GBV: NHRC, NCWS Want Rights Intervention Extended To Women, Girls Nationwide
The National Council of Women Societies (NCWS) and the National Human Rights Commission (NHRC) say there is need to extend the humanitarian protection intervention given to women and girls in the North East to all parts of the federation.
They made the call during the National Women Conference in commemoration of the 2022 16 days of Activism to end Gender Based Violence organised by the NCWS in Abuja.
Mr Tony Ojukwu, Executive Secretary, National Human Rights Commission (NHRC), said that as at August 2022, over 1.4 million complaints were received by the Commission’s offices throughout the country across 14 thematic areas of focus.
Ojukwu, represented by Ms Rosemary Igboyi, Assistant Director, NHRC, said out of which 248,960 were complaints on women, children and other gender issues stood at 125,500.
“There is need to extend the scope of humanitarian protection intervention beyond the North East to women and girls in other parts of the Country, ” he said.
He said that the commission had established an automated call center with a toll free line, launched on UNSUB Platform, developed a manual on Integrating Female Genital Mutilation (FGM) amongst others to halt GBV.
Hajiya Lami Lau, National President, NCWS, said the council since its inception, had been working towards women’s empowerment, protection of rights and ending all forms of violence against women and girls.
“As the voice of Nigerian women and the umbrella body of all women’s groups recognised by the government, we advocate for an improve welfare, progress and living standard of women and families in Nigeria.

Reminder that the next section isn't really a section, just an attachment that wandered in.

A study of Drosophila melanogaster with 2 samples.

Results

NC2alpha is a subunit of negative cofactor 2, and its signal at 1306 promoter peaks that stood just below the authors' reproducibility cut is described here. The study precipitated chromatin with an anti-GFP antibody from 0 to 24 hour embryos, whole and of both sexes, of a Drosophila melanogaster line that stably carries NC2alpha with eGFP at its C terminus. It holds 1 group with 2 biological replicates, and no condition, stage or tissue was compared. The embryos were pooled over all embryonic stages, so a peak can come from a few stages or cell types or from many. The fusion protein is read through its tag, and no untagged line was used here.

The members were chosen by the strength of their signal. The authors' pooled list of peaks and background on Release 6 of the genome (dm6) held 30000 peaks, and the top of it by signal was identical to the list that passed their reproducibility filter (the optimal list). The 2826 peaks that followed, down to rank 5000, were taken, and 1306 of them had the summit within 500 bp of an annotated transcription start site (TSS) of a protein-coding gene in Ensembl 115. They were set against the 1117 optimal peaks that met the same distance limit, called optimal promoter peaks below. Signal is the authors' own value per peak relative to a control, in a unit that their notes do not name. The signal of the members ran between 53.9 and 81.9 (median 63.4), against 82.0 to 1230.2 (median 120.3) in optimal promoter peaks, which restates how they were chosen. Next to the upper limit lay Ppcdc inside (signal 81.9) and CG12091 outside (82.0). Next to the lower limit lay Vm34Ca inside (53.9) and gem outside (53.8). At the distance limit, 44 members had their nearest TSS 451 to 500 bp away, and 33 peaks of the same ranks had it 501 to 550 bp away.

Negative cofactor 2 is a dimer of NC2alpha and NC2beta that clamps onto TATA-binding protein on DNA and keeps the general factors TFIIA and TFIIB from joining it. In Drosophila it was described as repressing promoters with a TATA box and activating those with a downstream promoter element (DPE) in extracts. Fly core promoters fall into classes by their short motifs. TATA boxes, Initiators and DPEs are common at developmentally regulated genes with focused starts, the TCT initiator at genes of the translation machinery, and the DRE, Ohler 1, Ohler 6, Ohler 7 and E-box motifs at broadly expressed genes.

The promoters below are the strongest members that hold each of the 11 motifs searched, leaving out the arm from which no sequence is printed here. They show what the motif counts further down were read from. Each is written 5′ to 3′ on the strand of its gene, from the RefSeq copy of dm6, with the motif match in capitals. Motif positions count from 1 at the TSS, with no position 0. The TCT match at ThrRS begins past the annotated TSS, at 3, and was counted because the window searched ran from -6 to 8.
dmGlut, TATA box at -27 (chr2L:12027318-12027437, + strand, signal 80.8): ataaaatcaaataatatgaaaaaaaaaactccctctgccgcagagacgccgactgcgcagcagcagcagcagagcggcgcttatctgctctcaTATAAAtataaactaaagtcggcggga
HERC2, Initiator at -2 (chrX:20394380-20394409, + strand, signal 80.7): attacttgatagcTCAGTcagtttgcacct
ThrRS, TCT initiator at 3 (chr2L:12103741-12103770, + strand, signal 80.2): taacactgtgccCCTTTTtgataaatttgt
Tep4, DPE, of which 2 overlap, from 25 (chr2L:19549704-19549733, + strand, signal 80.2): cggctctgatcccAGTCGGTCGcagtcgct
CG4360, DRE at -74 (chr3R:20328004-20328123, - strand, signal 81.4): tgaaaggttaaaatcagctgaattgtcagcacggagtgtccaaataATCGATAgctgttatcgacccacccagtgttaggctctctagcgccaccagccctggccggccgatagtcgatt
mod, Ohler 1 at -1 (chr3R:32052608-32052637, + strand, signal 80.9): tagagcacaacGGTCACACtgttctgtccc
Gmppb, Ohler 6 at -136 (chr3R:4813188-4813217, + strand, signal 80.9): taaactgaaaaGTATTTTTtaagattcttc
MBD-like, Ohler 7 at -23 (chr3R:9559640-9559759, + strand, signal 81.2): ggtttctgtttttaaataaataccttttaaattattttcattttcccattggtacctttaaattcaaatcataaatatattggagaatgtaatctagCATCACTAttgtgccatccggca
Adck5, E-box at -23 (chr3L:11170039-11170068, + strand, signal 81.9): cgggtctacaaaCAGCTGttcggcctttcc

“We work hard to increase women’s access to leadership and decision making, in other to ensure that women contribute to community development and National growth,” she said.
She decried the increasing cases of GBV across the nation which she attributed to COVID-19, flooding, insecurity, amongst others.
The NCWS boss, therefore urged the public to support and end violence and other harmful practices agaiy women and girls, especially those in IDP camps.
“The IDP camps have increased the vulnerability of women, girls and children to violence. We can go on and on,” she said.
Alhaji Nasir Isa-Kwarra, Chairman, National Population Commission (NPC) said through the full implementation of the revised National Policy on Population and Sustainable Development (NPP), they would sustain advocacies against GBV.
Isa-Kwarra, represented by Dr Kehinde Seun-Addie, NPC, said beyond the activism, the Revised NPP, target to reduce GBV and harmful practices from current 46 per cent to 20 per cent in 2025 and to zero by 2030.
“Data is critical for tracking and reporting on incidences of GBV.
“Therefore, the conduct of the 2023 Population and Housing Census is imperative to provide quality, reliable, timely, well-disaggregated and geo-referenced data in this regard.
“We need your support in the conduct of the next census,” he said.
Mrs Saudatu Mahdi, Secretary General, Women’s Rights Advancement and Protection Alternative, represented by Mr Precious Anslem, State Project Officer, said the conference would provide a platform for all women to unite against GBV and other harmful practices against women and girls.
Other highlights included the conferment of awards to Mrs Shirley Okwudinma, Mrs Halima Kyari-Joda, Hajiya Mairo Al-Makura and Mrs Ngozi Olejeme for their contribution and support to Nigerian women.